Look: whatever the Blazers do in the playoffs will be, at least to a degree, a surprise. They were a good team this year, a great one at times, but without their hefty defensive load-bearing beam of a man Jusuf Nurkic, the chances of them making some sort of deep, powerful run to the Finals feels a little faint.
But who honestly gives a shit. They play the games for a reason. For instance: In the last game of the season, the Blazers basically openly tried to lose, running out a six-man rotation comprised entirely of bench riders. That seemed intended to position themselves in the fourth seed and into a matchup against the Utah Jazz.
But the team didn't care, and behind an absurd heap of points from 19-year-old Anfernee Simons, the Blazers disregarded the cynical path wherein one seeks so-called "ideal matchups," crushed the Kings in the final moments of the game and earned themselves a date with the sixth-seeded Oklahoma City Thunder, a team stolen from our Pacific Northwest brothers and sisters in Seattle by fracking magnates.
I cannot speak for you, but as a lifelong Pacific Northwesterner, this theft has always irritated me. In a better world, this series wouldn't be some rinky-dink cross-country matchup, it would be a heated PNW showdown, replete with good, healthy SportsHate. The Blazers doing away with the fraudulent, stolen Thunder would, I think, be cathartic for the region. The blade of revenge for our terrible, smelly, yuppie-infested Seattle blood brothers lies in the Blazers' hands.
Not that that's all you would need for this one to be a festival of bad feelings.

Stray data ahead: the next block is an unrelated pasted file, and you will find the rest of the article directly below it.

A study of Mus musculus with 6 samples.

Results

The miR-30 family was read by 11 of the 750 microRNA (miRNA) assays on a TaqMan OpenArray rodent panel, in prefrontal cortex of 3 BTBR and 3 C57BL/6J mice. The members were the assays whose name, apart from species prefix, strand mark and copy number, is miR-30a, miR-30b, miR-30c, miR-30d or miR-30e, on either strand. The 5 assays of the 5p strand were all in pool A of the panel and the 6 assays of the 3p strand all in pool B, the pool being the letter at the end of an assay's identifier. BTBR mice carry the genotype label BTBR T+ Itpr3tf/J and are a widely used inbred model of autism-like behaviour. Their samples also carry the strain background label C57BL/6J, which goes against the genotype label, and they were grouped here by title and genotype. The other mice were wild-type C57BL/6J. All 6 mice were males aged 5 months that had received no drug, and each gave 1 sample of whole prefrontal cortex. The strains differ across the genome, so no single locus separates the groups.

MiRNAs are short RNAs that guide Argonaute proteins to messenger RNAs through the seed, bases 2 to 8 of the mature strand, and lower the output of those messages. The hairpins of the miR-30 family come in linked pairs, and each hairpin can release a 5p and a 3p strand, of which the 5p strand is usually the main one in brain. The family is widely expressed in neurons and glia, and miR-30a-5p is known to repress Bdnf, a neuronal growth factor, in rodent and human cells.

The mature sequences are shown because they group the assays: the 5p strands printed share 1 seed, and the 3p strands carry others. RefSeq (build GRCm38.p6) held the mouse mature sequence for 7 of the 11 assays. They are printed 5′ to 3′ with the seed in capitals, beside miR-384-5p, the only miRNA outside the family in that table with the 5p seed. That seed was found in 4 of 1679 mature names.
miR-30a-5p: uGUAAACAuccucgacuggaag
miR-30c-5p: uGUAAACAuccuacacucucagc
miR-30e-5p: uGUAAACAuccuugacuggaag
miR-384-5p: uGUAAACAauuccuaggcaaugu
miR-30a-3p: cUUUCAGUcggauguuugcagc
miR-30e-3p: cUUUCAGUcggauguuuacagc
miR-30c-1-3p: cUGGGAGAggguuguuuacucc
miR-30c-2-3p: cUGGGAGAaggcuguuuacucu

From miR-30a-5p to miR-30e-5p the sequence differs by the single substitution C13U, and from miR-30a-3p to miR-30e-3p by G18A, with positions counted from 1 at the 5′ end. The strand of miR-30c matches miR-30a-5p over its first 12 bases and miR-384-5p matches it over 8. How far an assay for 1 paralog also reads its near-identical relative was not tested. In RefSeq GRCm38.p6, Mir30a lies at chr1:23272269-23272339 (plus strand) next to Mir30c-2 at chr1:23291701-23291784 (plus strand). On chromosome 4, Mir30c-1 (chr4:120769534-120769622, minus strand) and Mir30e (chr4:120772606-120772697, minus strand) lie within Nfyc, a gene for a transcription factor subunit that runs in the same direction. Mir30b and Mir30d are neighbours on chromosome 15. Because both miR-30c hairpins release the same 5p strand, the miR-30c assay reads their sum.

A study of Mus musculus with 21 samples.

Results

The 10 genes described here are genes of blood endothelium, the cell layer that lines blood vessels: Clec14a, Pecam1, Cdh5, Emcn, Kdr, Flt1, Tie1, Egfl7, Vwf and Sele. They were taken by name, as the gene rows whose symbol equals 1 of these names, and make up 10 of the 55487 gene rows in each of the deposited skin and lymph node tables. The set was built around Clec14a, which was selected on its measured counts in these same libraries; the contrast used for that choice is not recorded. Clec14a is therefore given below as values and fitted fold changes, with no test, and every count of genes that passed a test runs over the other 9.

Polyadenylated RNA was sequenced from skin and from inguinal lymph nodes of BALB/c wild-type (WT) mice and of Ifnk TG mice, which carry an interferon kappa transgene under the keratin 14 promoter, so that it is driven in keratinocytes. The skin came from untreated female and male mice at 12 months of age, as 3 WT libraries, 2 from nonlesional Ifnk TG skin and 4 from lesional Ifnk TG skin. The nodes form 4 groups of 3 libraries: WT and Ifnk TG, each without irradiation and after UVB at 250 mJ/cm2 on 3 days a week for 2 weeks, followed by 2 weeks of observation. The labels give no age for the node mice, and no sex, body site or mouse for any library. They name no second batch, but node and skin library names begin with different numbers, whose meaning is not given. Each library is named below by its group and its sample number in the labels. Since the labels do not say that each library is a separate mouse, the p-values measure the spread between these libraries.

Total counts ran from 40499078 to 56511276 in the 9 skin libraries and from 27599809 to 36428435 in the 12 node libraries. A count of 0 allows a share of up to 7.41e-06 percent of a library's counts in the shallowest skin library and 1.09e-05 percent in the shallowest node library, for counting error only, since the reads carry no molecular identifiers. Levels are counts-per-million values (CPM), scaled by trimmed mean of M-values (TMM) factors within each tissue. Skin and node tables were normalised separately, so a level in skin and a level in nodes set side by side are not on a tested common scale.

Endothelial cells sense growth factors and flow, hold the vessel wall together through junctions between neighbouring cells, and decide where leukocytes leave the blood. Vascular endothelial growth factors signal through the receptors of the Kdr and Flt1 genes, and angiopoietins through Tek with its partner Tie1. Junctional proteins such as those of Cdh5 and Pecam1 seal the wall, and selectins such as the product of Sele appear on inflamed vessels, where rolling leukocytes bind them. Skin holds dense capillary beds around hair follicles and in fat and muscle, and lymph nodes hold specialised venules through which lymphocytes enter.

Russell Westbrook, a dynamic player whose production is the ongoing subject of a thousand Master's theses about what a "Valuable NBA Player" is, REALLY brings it out of people, with his nonstop jackhammering at the rim, his total disregard for niceties, his truly bizarre outfits, whatever you can name. You will probably come to loathe and resent him. Just remember: it's not real, he's actually very nice, gives to charity, is kind to children.
Paul George is the Thunder's second or first best player, depending on what your Westbrook thesis says. He's a good defender and a productive player. It's… hard to get too mad about him, assuming you're not from Indiana. His shoulder also MIGHT be messed up, which is good for the Blazers, if you can bring yourself to take sips of pleasure from the cool burbling spring of another human being's physical suffering.
Steven Adams looks like a Karl Drogo (Kahl's brother). He's overrated, don't let anyone tell you otherwise.
Also playing for the Thunder and probably getting minutes: RAYMOND FELTON! Oh man, this is a real delight. Felton, you may remember, you probably remember, was on the Blazers after a lockout year. He was insanely out of shape and his play was just tremendously bad. The combination of pure individual loathing and the sweaty hormonal rush of sitting and watching playoff basketball will send insanely loud boos cascading towards the heavens every time he touches the ball. It's… Honestly, it's beautiful.
Without Nurk, the Blazers are in a tough spot, because there's a way to beat the Thunder but it's way harder without a big man. Westbrook can be baited into heaving up terrible shots if he get brickwalled at the rim, especially in a situation where his team is in high leverage, which is what the entire playoffs are. The problem is, the Blazers are short on rim protection with the Big Bosnian sitting on the bench with a fatty cast on, and so the chances of Westbrook playing himself kind of shorten out when he has a path to the rim.
The Thunder did sweep the Blazers in the season, but don't fret too much: The games weren't embarrassing or anything, and honestly the playoffs tend to be a weirder, more rigorously planned affairs than mid-season back-to-back brawls. Lillard should still have a big series (Westbrook is very bad at guarding shooters), and the Thunder aren't exactly deep. With Nurk, the Blazers would be the more complete, functional team, running up against big talents who tend towards messiness. As is, the matchup is more of a pair incomplete units mashing together and seeing how the coins flip. The whole matchup is drowning in chaos, really: Inconsistent players playing in uncertain and inconsistent times for their teams in a matchup neither of them expected they would be playing in. Feel the unknowable wash over you.